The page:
Yankees-Cubs game creates a buzz

First meeting between the two clubs since 1938

Knight-Ridder Newspapers

CHICAGO -- It felt like a playoff game or an All-Star Game or a tent revival. Penny Marshall showed up, which just goes to show you how big this thing really was. The town couldn't have handled a Fonz sighting.

You had your normal, everyday Wrigley Field atmosphere Friday--drinking, carousing and sporadic lusting--combined with something historic, the Cubs and the Yankees facing each other for the first time since 1938. So there was buzzing in all its various connotations.

And it was just about the strangest thing imaginable, outside of your once-a-decade corking scandal.


Jason Giambi was knocking out home run after home run in batting practice--is there an X-ray technician in the house?--and the crowd was oohing and aahing as if it had never seen this sort of thing before. That must have hurt Sammy Sosa as a man.

Giambi hit a real home run in the first inning, a two-run model to left-center, and there was a huge roar from the crowd--this from the same crowd that earlier had chanted that the Yankees (stunk), or something like that without parentheses.

In the sixth inning, Sosa swung hard at a David Wells pitch, did another indecisive home run hop (that's the rust talking) and watched his fly ball disappear into the glove of right fielder Raul Mondesi. And the crowd cheered.

"There was a different atmosphere in the stands," Cubs manager Dusty Baker said. "I've never seen so many opposing fans, probably other than the St. Louis Cardinals games."

There were at least three possible explanations for the pro-Yankee cheering. One, fans had downed too many pregame "called shots" in honor of Babe Ruth's World Series heroics here in 1932 and were disoriented.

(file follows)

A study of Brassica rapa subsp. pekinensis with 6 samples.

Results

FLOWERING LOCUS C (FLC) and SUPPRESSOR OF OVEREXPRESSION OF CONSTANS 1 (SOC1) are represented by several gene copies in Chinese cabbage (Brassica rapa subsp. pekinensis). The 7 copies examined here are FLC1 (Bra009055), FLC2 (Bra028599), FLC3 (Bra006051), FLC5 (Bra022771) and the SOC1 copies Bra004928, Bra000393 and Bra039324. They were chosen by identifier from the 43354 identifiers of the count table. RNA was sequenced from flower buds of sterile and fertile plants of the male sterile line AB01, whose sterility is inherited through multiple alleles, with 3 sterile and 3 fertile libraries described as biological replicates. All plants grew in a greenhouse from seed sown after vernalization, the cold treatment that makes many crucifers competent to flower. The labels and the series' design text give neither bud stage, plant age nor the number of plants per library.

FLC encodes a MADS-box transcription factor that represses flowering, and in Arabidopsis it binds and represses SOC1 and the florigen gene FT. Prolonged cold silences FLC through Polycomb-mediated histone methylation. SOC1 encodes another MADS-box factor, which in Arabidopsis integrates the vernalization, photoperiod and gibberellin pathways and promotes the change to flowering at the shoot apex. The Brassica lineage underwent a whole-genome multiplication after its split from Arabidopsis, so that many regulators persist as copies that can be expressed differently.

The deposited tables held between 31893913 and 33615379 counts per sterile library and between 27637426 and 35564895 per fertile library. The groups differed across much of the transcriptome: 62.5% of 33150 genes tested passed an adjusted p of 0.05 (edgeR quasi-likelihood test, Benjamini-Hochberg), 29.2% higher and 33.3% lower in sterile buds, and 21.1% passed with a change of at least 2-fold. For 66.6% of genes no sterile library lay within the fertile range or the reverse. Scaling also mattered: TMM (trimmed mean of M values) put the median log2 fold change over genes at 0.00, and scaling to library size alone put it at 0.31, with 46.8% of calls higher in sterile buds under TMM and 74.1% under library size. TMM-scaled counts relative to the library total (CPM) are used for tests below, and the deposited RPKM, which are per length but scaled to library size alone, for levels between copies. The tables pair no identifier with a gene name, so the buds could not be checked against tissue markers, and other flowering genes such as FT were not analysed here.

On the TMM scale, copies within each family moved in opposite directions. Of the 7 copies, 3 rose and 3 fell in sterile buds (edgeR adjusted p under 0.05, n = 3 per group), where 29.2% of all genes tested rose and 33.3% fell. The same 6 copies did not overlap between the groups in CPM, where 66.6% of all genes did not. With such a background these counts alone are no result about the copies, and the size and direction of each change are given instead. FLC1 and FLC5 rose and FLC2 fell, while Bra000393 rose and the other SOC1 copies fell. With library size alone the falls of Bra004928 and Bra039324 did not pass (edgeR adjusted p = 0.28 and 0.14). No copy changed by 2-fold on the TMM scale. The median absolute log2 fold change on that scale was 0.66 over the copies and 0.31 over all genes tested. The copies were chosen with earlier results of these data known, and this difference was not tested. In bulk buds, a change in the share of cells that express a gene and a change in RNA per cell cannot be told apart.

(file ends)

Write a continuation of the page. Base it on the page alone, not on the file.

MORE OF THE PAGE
Two, there simply were more Yankees fans at Wrigley than Cubs fans, and that's certainly a possibility. People were paying upwards of $1,500 for a ticket through brokers, and Chicagoans would rather spend $1,500 on lawn decorations and major household appliances than on one baseball ticket.

Three, people were cheering the whole idea of Friday, the whole pageantry of it, which was perfectly understandable. There was a feeling in the park of being part of something special, of taking part in something that meant something, even if it didn't mean as much as a typical Cubs-Cardinals series.

"We had two good teams playing," Cubs center fielder Corey Patterson said.


No, that wasn't the lure. Here was the most storied franchise in sports playing in baseball's version of an amusement park. The fact that the Cubs were a first-place team going into the game had absolutely nothing to do with the equation. The Yankees Play Wrigley Field! The Rolling Stones Play Yankee Stadium!

If the Cubs had been a last-place team, the tickets would have gone for the same prices and the same 39,359 people would have shown up.

Friday was about embracing baseball's history. Look, there's a decent chance of walking through a gate at Wrigley and being underwhelmed. Aside from the field and the ivy and the camaraderie, Wrigley is something of a dump. The dugouts are grim, the clubhouses might as well be studio apartments and the walkways that connect them look like leaky fall-out shelters.

Then you stop yourself. Ruth hit home runs in this place. Lou Gehrig walked down that grimy walkway. And all the renovations and paint jobs in the world wouldn't be able to improve on that history.

The Yankees won 5-3 on a cloudy, sometimes rainy day, but it was only an appetizer. Saturday is Clemens-Kerry Wood, a Texas two-step. Saturday is Wood trying to stop his boyhood idol from getting that 300th victory.

As he left the game in the eighth inning, Wells, the former White Sox pariah, was booed. It is something of a Chicago tradition. Normalcy had returned, even if temporarily.